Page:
Pence Northwest Construction LLC
Back when he was in high school, Brent Pence recalls hearing teachers tell students “you don’t want to be a ditch digger” all your life.
His response now? That ditch digger may be making $35,000 or $40,000 a year, without going into overwhelming student debt.
A fourth generation contractor, Pence honed his chops working for his father’s company before setting out on his own in 2007. His company, Pence Northwest Construction, specializes in commercial construction projects of all sizes, focusing on renovating spaces for commercial tenants and food service franchises.
For Pence, jobs aren’t just jobs—in every case they’re a chance to meet new clients and subcontractors, or learn better techniques. And his ability to meet new people through jobs has been the engine behind his company’s success.
Creating a network of friends and partners
Pence says he doesn’t rely on conventional advertising because it can attract clients who aren’t ready to start a project. “We don’t necessarily want to work with someone who only knows they need a contractor and nothing else about their project,” he says.
This is part of the reason he started building facilities for restaurant franchises—because the owners have a clear sense of what they need.
The other benefit of franchise work is that it offers built-in advertising. Working with big names like Baskin Robbins, Little Caesars and Dutch Bros Coffee, Pence says each project has helped his company find connections and garner attention from franchise owners in other regions.
Beyond helping him advertise, Pence says franchise work connects him to contractors and business people who offer useful tips on finding subcontractors or using alternative building methods.
In one case, a franchise owner from another region visited Pence’s crew and suggested a subcontractor who sold and installed prefabricated metal panels. Pence says the new subcontractor was half the cost of his old one, and that he’s used him on all of his franchise projects since.
Helping owners help tenants
When not building a network of franchise clients and subcontractors, Pence Northwest Construction handles tenant improvement projects in commercial buildings.
For years, the company has performed traditional jobs involving repairing and renovating office interiors. Practices like asking clients to fill out satisfaction surveys at the ends of projects and even sitting down with clients to get face-to-face feedback has earned the company a reputation.
On the merit of this reputation, building owners who were struggling to find tenants asked Pence to do renovation work on the exteriors and common spaces of their buildings. On one project, an owner who had 50 percent vacancy in his building said the structure needed a face lift.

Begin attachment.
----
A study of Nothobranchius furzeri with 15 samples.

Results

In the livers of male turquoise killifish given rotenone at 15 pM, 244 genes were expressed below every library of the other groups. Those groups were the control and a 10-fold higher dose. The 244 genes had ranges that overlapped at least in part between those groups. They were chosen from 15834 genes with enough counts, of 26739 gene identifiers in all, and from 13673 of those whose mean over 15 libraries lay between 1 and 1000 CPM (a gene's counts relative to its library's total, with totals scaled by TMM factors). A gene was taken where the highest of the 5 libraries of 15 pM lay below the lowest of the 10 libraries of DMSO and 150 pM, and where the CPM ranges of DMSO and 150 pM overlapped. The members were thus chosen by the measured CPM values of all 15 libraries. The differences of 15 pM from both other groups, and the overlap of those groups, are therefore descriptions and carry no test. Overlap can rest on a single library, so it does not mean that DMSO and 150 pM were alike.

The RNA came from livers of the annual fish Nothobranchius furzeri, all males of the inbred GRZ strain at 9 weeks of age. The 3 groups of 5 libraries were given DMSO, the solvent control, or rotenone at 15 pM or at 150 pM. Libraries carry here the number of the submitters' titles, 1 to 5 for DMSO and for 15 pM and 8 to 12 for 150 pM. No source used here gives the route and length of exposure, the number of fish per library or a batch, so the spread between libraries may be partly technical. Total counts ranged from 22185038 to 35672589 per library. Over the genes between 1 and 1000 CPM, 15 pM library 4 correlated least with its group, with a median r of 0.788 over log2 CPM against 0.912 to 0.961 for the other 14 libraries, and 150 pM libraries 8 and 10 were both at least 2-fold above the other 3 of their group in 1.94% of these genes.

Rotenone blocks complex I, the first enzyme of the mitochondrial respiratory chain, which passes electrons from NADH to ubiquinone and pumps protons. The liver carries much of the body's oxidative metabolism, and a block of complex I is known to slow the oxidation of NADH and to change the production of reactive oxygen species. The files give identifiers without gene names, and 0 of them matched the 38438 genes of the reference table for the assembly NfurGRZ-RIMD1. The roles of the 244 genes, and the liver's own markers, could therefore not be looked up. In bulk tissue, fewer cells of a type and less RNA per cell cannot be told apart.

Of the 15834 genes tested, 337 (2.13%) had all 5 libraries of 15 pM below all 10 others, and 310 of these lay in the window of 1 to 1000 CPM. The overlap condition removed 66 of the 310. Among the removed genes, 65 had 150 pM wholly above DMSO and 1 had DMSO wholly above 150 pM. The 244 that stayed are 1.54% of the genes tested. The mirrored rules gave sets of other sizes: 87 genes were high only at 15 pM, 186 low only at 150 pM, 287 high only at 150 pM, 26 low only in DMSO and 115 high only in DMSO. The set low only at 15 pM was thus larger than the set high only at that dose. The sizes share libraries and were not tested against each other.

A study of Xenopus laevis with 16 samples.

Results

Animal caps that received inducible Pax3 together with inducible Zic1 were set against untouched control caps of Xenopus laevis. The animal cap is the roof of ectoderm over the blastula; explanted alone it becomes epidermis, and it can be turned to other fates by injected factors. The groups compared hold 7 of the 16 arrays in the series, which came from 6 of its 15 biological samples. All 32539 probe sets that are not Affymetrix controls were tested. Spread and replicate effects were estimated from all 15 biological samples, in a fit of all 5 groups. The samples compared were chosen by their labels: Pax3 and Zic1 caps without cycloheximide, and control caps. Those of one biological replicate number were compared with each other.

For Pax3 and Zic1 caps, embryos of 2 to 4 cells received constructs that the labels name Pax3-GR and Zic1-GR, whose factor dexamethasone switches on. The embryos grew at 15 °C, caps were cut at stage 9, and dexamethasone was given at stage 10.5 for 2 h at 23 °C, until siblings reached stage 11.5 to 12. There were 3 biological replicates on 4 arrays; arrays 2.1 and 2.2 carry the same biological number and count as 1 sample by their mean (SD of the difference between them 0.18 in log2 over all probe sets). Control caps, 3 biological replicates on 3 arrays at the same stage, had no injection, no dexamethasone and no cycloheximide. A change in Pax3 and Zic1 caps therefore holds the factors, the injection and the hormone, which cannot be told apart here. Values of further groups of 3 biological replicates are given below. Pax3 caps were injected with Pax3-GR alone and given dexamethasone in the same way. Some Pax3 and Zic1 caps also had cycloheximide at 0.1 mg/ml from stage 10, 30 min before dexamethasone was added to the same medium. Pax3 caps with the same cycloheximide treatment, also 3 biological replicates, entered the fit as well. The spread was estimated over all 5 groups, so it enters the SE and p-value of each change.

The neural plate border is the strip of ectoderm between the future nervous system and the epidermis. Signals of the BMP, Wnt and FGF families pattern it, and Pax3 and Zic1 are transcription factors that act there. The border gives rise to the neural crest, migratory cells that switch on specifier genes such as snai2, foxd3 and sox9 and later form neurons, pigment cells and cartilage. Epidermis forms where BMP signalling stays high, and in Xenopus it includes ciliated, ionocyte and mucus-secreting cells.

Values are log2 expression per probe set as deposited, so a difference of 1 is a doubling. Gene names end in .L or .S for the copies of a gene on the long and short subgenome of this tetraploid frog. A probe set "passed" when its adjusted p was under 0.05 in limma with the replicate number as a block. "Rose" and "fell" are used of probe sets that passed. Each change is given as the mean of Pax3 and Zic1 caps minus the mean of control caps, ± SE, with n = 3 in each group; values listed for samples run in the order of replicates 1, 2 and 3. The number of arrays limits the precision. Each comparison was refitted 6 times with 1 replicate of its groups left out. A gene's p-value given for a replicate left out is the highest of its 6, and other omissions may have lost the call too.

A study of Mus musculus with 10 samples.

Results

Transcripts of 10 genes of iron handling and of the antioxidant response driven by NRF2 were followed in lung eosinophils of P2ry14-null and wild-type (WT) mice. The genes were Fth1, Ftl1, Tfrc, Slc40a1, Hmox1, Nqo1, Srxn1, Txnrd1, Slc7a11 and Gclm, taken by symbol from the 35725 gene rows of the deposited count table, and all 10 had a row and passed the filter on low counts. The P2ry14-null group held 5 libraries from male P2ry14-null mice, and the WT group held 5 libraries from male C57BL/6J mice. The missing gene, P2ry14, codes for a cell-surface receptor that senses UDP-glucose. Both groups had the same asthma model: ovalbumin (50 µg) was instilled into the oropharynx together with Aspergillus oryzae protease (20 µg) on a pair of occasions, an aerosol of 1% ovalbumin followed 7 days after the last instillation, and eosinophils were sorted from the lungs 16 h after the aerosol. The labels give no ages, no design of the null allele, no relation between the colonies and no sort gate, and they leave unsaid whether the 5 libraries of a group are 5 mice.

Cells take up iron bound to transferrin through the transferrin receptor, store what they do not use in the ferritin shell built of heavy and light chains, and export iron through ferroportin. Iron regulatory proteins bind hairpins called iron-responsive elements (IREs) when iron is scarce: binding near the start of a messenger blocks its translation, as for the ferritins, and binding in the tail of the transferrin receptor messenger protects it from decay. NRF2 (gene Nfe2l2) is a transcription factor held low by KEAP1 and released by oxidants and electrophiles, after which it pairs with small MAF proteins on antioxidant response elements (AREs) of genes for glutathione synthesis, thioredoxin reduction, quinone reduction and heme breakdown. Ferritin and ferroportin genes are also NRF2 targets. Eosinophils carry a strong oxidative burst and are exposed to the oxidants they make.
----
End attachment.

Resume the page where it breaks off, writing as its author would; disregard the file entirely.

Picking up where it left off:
So Pence Northwest crews ended up trimming trees around the front of the building and sprucing up its entrance—tasks not usually handled by a general contractor. Pence said he enjoyed the chance to try different work. “It put me back in school and caused me to learn a lot,” he says.
Even better, the job brought more tenants to the building.
Pence says a challenge of renovating common spaces is working around the tenants who are using their offices. “It can be a scheduling nightmare,” he says. “How do you get in to do work? How do you make sure tenants don’t leave?”
Pence makes this challenge an opportunity.
The company sends out letters to tenants or meets with them ahead of construction and asks them if they need anything fixed in their offices while his company is working on the common area.
Tenants then submit lists of minor repairs and Pence’s company will bill it to the building owner. He says it eases the inconvenience for tenants of listening to construction during business hours and also improves relationships between tenants and owners because tenants see that their landlords are willing to pay for repairs.
Going “on tour”
Pence Northwest Construction has built such strong relationships with its commercial customers that one building owner asked the company to build a water well on his personal property. After that job, more commercial clients began calling Pence to repair their houses and eventually, to build them.
This year, Pence committed to residential work, demolishing and building a house from the ground up in a historic neighborhood. The company pulled out all the stops on this project—elevating the land by 16 feet to better capture the view of the neighborhood, and adding a massive, 18-foot retaining wall, the largest it had ever done residentially.
The house needed to be impressive because Pence was displaying it on the Home Builders Association of Marion & Polk Counties Tour of Homes—a promotional series of open houses for industry professionals and prospective homebuyers.
“Everyone loves an open house,” Pence says, and adds that the project has helped his company secure more residential work and has even introduced him to new subcontractors and suppliers.
Pence created a modified logo for his residential business so that it can still play off of Pence Northwest’s good reputation, but cue clients into the fact that it’s a separate division.
Pence says not enough young people realize how much thought and strategy goes into construction—in its marketing as well as the actual building.
He remembers his father used to visit high schools and encourage students with hands on skills to not rule out contracting in favor of college.
“My dad used to say ‘just because it’s not glamorous doesn’t mean it’s not fun,’” he says.